You probably don’t want to hear this right now, but a $40 tool could have saved your roof and gutters from hundreds of dollars of snow damage.

It’s called a roof rake and, judging by the look of the roofs on Verona houses this winter, not many of us have one. But with more snow on the way (we’ll pause now to allow you time to cry), we took a few minutes to talk with roofer Kevin Toscano about how to use a roof rake.

A roof rake does just what it’s name implies: It rakes the snow off your roof. By clearing the first few feet of snow from the edges of your roof, you lower your chances of having an ice dam, that is, a build-up of ice that will send snow melt under your shingles and into your house, doing all the damage that water can do to a structure. “Clear the snow from the first three feet up from the gutter”, says Toscano, “which will keep an ice dam from forming.”

With a roof rake, you can do that without climbing a ladder or going out onto the roof, both of which are dangerous in any weather. (See the poor schmoe in the video below for illustration.) Roof rakes come with extension poles that make it easy to reach the necessary roof space of the average Verona home while staying safely on the ground.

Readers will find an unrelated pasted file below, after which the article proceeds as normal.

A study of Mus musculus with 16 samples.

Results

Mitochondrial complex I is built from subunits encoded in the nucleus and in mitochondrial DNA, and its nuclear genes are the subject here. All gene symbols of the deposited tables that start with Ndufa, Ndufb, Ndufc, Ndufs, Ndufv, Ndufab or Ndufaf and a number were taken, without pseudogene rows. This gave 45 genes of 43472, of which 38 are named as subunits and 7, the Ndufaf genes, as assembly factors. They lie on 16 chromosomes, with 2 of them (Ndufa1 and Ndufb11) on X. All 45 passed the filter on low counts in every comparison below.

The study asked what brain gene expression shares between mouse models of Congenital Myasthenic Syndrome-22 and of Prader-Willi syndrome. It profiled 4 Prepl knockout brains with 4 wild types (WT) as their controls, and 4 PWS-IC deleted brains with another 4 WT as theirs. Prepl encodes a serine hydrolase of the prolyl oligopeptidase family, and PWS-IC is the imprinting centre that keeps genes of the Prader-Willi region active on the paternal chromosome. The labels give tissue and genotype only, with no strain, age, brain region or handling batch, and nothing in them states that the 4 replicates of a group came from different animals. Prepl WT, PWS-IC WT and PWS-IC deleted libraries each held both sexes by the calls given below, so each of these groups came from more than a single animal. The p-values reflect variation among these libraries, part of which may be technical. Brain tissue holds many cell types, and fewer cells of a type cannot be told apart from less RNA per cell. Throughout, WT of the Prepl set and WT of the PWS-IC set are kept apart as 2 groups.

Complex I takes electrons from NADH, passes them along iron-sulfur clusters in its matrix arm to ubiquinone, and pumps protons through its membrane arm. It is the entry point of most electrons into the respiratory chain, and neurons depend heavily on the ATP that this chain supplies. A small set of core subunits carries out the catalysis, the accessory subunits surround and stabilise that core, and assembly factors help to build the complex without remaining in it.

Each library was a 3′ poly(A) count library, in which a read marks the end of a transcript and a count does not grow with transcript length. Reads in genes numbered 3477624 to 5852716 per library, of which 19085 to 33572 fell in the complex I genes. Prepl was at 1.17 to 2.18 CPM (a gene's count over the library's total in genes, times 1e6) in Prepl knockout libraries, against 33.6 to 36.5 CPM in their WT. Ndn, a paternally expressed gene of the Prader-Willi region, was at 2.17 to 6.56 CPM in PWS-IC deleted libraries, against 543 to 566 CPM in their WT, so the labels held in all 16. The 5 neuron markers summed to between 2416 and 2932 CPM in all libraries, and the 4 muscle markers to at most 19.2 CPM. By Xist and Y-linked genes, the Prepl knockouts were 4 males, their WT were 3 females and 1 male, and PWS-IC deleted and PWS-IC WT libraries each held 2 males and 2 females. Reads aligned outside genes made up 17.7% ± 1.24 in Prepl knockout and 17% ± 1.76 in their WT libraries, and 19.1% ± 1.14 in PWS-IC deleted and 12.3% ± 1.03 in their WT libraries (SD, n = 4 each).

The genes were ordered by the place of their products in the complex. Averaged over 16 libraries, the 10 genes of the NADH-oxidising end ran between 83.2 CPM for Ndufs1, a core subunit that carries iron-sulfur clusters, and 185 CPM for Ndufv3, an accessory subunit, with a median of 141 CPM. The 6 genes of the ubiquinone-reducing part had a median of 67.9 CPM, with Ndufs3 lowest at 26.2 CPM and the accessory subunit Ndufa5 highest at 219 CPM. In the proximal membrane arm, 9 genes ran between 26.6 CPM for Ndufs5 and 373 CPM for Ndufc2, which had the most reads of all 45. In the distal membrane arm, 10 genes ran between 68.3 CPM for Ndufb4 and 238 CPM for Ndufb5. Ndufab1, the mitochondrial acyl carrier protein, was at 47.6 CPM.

The rake won’t, however, rake out ice. “If there’s already ice formed on your roof, you just have to wait for it to melt,” adds Toscano. “I know a lot of people try to chop it out , but that could cause a lot of damage. Plus they could fall, so I don’t recommend that at all.”

Both Major Hardware in Cedar Grove and the Ace Hardware store in Caldwell typically carry roof rakes, but they have been selling out as fast as they get delivered. When you go to the store, you might also want to pick up a few rolls of insulation. Toscano notes that, if your attic is well-insulated, it will keep the heat in your home from rising and melting the snow outside.

Virginia Citranohttps://myveronanj.com
Virginia Citrano grew up in Verona. She moved away to write and edit for The Wall Street Journal’s European edition, Institutional Investor, Crain’s New York Business and Forbes.com. Since returning to Verona, she has volunteered for school, civic and religious groups, served nine years on the Verona Environmental Commission and is now part of Sustainable Verona. She co-founded MyVeronaNJ in 2009. You can reach Virginia at [email protected].